The unnoticed reasons for Brexit

Are there reasons which psychological, emotional, social, cultural and many other aspects of human sensibilities which caused Brexit from EU much to the surprise of  all our wishes and expectations  to see the world more and more unified.

1. Frames of reference and scales of observation decide perceptions and perceptions decide perspective.

2. In the larger scheme of things we can neither deny nor defy the importance of anything or anyone.

3. Everything and every issue has multiple dimensions and every dimension operates with various and varied dynamics.

Trade agreements, common economic developmental concerns with a real sense of purpose, good intentions and exigencies of united power rightfully converged to create EU.

But then EU probably did not take into consideration the three points mentioned above and thus is now subjecting itself to criticisms like it was a mere grouping more for convenience rather than confluence of cultural bonding or even common language.

This could be partially true as togetherness fostered upon for a specific purpose without multiple commonalities is always vulnerable to fall out due to lack of compatibility on certain sensitive issues, more so due to lack of factors which contribute a sense of belonging, importance and involvement.

In addition to these possible inherent weaknesses there were certain unexpected external developments which impacted the EU negatively because it was upsetting the very pillars of the foundations of EU i.e. ‘collective economic benefits’ as they had unexpected millions to feed and had to spend another billions on internal security in otherwise comparatively calm European nations at least after world war-II.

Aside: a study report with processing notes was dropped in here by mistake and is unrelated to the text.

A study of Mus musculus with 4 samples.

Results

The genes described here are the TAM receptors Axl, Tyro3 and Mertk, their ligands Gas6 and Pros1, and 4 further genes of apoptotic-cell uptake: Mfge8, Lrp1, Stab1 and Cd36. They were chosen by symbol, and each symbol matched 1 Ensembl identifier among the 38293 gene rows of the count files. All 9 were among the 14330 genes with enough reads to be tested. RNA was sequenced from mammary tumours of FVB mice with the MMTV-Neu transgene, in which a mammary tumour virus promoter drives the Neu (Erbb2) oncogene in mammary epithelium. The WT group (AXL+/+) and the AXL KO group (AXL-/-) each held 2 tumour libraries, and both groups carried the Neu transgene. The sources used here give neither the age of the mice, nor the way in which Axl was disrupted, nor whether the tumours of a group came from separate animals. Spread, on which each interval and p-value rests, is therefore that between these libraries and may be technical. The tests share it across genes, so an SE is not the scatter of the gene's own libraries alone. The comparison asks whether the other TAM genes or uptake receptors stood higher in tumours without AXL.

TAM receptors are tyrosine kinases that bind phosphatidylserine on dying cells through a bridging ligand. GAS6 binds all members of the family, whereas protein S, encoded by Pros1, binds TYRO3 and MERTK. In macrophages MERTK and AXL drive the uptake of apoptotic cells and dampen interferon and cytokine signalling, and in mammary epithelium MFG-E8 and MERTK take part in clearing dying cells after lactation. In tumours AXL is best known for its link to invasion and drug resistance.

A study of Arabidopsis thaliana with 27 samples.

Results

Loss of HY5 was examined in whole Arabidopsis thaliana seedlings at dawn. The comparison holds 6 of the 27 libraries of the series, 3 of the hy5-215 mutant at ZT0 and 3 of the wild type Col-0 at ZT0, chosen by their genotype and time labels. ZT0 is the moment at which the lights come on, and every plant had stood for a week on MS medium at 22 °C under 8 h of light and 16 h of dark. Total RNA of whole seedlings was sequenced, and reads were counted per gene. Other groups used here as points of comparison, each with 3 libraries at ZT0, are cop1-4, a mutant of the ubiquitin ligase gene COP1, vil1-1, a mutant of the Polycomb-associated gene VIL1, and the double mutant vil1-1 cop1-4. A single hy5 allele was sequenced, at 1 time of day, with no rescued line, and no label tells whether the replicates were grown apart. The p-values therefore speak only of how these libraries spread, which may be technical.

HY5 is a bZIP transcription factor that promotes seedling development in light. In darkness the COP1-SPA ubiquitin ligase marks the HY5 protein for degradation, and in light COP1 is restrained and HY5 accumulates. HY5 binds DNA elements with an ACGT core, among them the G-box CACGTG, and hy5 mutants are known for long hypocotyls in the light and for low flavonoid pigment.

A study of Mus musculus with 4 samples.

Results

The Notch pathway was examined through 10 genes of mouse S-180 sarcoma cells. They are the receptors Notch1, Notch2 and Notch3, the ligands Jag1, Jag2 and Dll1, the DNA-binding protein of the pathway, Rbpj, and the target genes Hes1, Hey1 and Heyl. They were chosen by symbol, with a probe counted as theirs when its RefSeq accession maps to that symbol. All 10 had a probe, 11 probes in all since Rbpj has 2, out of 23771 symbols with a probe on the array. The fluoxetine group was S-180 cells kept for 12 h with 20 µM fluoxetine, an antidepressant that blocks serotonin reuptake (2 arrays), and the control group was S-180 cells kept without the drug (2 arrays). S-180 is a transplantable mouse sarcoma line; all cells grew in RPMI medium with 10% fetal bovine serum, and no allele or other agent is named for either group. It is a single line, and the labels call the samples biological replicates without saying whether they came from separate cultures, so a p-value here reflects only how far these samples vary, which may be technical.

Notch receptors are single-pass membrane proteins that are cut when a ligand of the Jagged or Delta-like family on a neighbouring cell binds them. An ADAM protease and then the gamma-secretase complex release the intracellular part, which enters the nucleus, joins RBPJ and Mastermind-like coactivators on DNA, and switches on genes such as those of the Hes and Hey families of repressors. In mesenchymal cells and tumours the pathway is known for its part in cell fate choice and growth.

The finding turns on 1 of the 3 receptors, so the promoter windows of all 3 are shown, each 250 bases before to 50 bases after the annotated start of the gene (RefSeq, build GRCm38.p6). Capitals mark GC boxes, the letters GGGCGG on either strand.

So, in a way though we may wish otherwise we cannot totally blame those who opted for Brexit.

Everything must be infused with a spirit as well as utility for longer sustenance.

That’s why some of the very logically correct and more useful things remain unaccepted.

Here is on example of a very logically useful suggestion to naming towns numerically and geographically but devoid of history, story, meaning, etymology, cultural connections etc to names did not take off.

Architect Stedman Whitwell thought it illogical and confusing that different towns sometimes have the same name. He suggested assigning a unique name to each location based on its latitude and longitude. He published this table in the New Harmony, Ind., Gazette in 1826:

                                     1    2       3       4       5       6       7       8       9         0
Latitude ……………..a      e       i       o       u       y       ee     ei      ie         ou
Longitude…………....b     d       f       k       l       m      n       p       r         t

Insert an S to indicate south latitude and a V for west longitude; omit them for north and east. Thus New Harmony (38°11′N, 87°55′W) would be rechristened Ipba Veinul; New York would be Otke Notive, Washington D.C. Feili Neivul, and Pittsburgh Otfu Veitoup.
What these names lack in poetry they make up in utility: a traveler given the name of a town can immediately infer its location. Unfortunately, Whitwell’s scheme never caught on — and today the United States has 28 Springfields, 29 Clintons, and 30 Franklins.